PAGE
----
The project appears to be perfect for Reeves, who loves his anime but also holds a special place for the Sci-Fi genre. Having done films like A Scanner Darkly, Constantine, The Matrix, and the recent The Day The Earth Stood Still, it seems fitting for him to embody the role of Spike Spiegel.
The Japanese television series follows a group of bounty hunters in the year 2071, traveling on the their spaceship "the Bebop." Spike and Jet Black pilot their way through the universe collecting bounties and adding new members to the Bebop crew. The anime has earned creditable success across the globe, so the hopes (and stakes) are high.
Reeves revealed a bit about the projects status and as well as some thoughts on the upcoming adaption. He explained "we've got the rights, we've got a writer" and "he's putting together a scene outline." He also said the plot would focus on a fictional drug, Red Eye, which provides its users with superhuman reflexes and awareness.
Though focusing on the beginning of the series is good footing, Reeves also said “and then we’ll deal with the end of the series. We’re trying to figure out [the time frame]. We’re looking at the story right now.” This is where the premise pieces should concern fans.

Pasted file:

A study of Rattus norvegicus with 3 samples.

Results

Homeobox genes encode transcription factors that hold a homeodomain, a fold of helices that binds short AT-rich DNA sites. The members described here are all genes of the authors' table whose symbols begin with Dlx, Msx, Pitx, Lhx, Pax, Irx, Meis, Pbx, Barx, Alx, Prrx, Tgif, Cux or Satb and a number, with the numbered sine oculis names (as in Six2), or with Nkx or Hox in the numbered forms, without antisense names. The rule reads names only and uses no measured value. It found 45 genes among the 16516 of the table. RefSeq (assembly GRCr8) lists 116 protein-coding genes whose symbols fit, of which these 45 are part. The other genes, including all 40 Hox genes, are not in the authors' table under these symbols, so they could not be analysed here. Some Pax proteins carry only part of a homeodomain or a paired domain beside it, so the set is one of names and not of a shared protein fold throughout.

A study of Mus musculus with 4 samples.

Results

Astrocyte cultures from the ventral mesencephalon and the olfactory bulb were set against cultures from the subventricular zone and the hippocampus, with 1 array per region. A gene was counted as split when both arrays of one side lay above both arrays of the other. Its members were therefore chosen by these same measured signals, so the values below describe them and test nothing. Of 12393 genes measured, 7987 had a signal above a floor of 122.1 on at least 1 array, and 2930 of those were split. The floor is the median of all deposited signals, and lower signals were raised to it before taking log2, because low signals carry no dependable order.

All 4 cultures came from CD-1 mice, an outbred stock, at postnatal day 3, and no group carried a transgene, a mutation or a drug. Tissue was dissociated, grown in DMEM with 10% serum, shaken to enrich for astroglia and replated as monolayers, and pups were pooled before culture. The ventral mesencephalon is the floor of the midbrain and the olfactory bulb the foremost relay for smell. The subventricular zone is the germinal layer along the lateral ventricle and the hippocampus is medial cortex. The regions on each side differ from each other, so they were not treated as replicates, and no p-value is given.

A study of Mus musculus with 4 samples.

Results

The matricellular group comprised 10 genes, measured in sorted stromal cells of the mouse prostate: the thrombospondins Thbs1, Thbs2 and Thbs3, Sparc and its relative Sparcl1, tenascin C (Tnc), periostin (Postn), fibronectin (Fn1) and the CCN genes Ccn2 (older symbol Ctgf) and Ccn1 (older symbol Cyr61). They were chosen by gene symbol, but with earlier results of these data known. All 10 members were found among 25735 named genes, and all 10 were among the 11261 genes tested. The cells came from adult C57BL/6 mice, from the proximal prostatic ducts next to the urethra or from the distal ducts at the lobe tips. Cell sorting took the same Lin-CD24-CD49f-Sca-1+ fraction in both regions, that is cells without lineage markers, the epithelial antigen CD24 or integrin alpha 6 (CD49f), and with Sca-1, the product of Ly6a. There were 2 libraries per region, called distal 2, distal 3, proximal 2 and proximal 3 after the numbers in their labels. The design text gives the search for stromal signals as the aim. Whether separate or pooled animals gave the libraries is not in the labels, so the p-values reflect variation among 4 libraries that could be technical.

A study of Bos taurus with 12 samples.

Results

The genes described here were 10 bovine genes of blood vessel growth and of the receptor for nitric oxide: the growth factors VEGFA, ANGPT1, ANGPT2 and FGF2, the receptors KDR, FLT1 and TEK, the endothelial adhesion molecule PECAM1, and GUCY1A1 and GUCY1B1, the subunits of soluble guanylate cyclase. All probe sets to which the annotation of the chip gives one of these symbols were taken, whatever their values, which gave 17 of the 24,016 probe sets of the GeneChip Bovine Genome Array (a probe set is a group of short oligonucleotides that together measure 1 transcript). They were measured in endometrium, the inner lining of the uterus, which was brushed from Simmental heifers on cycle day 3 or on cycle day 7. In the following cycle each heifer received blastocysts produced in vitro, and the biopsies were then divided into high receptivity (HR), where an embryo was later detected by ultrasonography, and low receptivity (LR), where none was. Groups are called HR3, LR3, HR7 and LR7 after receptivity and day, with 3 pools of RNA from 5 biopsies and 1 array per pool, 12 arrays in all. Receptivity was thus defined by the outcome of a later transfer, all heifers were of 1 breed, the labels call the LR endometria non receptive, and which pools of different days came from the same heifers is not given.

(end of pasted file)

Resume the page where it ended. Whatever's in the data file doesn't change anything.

The 26-episode show, and anime feature film, doesn't maintain a linear style of storytelling; beginning with a premise, each show is rather episodic. Reeves said "because it’s such a short form, to make a 2 hour version [will be tough]" and coupled with the described plot, the film would be unfaithful and counter-intuitive the the actual show.
He continued with "and it’s got so much of an origin-story obligation; you’ve got to get people up to speed, but you don’t want to do much of that. There are a lot of things to take into consideration, but we think we can do something good.” I hope so, but we might need to be light on the definition of "good."
Because of Cowboy Bebop's style of storytelling, the film should be an introduction to the world as it exists. There are few good origin stories, films that introduce the characters properly. Its success has been dependent on settling up the world, as it exists to the main characters, and shedding light on their motivation. Reeves has part of it right, but a film adaption of Cowboy Bebop should only remain in the beginning of the series and end with the assumed continuation of its premise. If done well, the eventual end of the series could be part of a sequel or third film. I suggest this because this particular series requires more time to develop on screen, as exemplified by its television counterpart, presented to a wide audience as a first impression doesn't allow the viewer to enjoy the premises enough to accept the conclusion.
Though Reeves knows the challenges in making a movie for Cowboy Bebop, he did say "Yeah, but that's why you want to do it." At least there are some positive signs in this project's development.
Are you looking forward to a Cowboy Bebop movie? Do you think Reeves can pull it off?